Cambridge, Massachusetts. 1971. A US programmer named Ray Tomlinson made history. Being part of the ARPANET project, he was the first person in the World to send an email. The first email. 45 years later, and after a lot of attempts to “kill the system”, the email is alive. Maybe, more alive than ever before.
In 2016, the number of worldwide email users is over 2.6 billion, and the forecasts show us that this number will increase to 2.9 billion by the end of 2019, according to Radicati’s independent analysis*.
Email users will grow an average annual rate of 3% over the next four years, making one-third of the worldwide population email users by year-end 2019. This data supports the email’s good health and contradict those that define email as an outdated and ready to die service.
Again and again, reports like Radicati’s disassemble the theories that predict the end of the email era. Theories that are fundamentally based on two arguments:
The emergence of new communication channels/platforms
Social media (Facebook, Twitter, LinkedIn, Instagram, etc.), instant messenger apps (WhatsApp, Line, Telegram, Snapchat,etc.) and business communication platforms (Slack, Asana, BaseCamp, HipChat, etc.) have been valuable email alternatives for communication, file sending, or reading news every day.
However, data shows that the new communication channels aren’t the end of email as the main service. A recent survey by Adobe found that “Americans are practically addicted to email, checking it around the clock no matter where they are or what they’re doing”.
Even for Millennials, where nearly 98% of them check their personal email at least every few hours at work and 87% check their work email outside of work. In fact, this channel has been recognized as the best channel to contact this demographic because:
Email is a mobile-friendly system. It has been the best-adapted system to mobile devices. It’s easy to use and intuitive, as Alexis C. Madrigal highlights in a great article published at The Atlantic. “Email, generally, is mobile-friendly and renders beautifully on all devices. These are the things that the current generation of web companies strive to accomplish. And look at old email, doing all that effortlessly”.
Moreover, according to an SDL survey, Millennials check their smartphones 43 times per day, meaning an email is most likely going to be viewed the day it is received.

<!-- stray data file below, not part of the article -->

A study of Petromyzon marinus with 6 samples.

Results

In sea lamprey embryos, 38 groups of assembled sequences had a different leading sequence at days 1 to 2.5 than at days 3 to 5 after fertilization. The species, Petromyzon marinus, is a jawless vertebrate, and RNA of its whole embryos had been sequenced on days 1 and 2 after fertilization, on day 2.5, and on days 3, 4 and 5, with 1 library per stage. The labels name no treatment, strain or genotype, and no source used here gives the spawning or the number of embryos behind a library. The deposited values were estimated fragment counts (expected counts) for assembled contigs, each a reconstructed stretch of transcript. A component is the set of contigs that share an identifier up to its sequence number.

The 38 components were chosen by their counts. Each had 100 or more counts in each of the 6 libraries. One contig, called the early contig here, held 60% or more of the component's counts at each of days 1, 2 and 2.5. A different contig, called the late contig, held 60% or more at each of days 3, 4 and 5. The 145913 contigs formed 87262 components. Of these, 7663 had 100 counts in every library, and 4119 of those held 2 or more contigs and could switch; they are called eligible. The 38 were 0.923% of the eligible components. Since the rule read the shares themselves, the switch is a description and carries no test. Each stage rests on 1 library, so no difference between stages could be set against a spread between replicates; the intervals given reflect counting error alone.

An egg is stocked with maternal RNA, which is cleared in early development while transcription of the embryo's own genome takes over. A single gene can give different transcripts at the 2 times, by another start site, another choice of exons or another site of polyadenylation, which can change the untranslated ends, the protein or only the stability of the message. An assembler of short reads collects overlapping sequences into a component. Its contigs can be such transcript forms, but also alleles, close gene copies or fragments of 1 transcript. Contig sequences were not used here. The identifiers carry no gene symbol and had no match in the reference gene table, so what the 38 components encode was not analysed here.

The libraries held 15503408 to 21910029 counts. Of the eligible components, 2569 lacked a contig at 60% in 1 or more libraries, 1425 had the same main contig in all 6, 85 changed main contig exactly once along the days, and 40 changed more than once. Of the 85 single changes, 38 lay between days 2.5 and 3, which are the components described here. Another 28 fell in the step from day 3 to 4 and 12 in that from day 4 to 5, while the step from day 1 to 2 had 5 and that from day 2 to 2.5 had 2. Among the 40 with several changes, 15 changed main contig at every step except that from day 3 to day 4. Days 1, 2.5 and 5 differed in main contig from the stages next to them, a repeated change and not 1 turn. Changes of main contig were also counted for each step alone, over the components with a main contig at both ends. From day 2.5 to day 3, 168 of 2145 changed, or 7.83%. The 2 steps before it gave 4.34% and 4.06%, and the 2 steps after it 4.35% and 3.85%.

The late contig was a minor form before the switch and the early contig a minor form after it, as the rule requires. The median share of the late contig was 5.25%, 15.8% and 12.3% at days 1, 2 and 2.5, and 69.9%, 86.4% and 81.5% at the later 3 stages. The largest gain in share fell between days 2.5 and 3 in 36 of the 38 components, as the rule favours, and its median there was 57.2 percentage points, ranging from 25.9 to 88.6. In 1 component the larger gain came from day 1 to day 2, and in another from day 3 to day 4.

SPAM will bury email
The number of emails sent and received per day totaled over 205 billion in 2015. Of these, 112.5 billion were sent/received by business email users. Roughly 14%** of these email messages delivered to a business email user’s inbox was spam. This figure is expected to grow to about 20% by 2019, according to Radicati’s analysis.
If we take into account that six in ten (61%) American workers who use the internet say email is “very important” for doing their job, it is clear that spam could be a big headache to the email industry.
However, these trash emails are invisible to us thanks to features developed to filter the valuable emails from the spam for us (for instance by Gmail, with spam filters and the spam report button).
Features that are improving day by day, as Google announces periodically in the Gmail official blog. “The Gmail team is always working hard to make sure that every message you care about arrives in your inbox, and all the spam you don’t want remains out of sight. In fact, less than 0.1% of email in the average Gmail inbox is spam, and the amount of wanted mail landing in the spam folder is even lower, at under 0.05%.”
On the other side, if we want to evaluate the sector’s health, we have to know the number of accounts that each user manages too. Those figures will grow over the next 4 years, moving from an average of 1.7 accounts per user to an average of 1.9 accounts per user.
This implies that the number of worldwide email accounts will grow from 4.3 billion in 2015 to 5.5 billion at the end of 2019.
Taking into account this data, it’s moment to wonder about the position of the email inside of the new communication environment.
What are the most important email features for email users? And in addition, what are the reasons that make the email a tool as important in our lives?
We’ll try to reply to these questions in upcoming posts, but what is your opinion on this matter?
** The figures for the amount of spam received, reflect only spam that is delivered to the mailbox after bypassing all spam/security filters. These figures include actual spam, as well as what is referred to as “graymail” (i.e.newsletters or notifications that an email user may have signed up for at one point, but no longer wish to receive). Radicati’s analysis.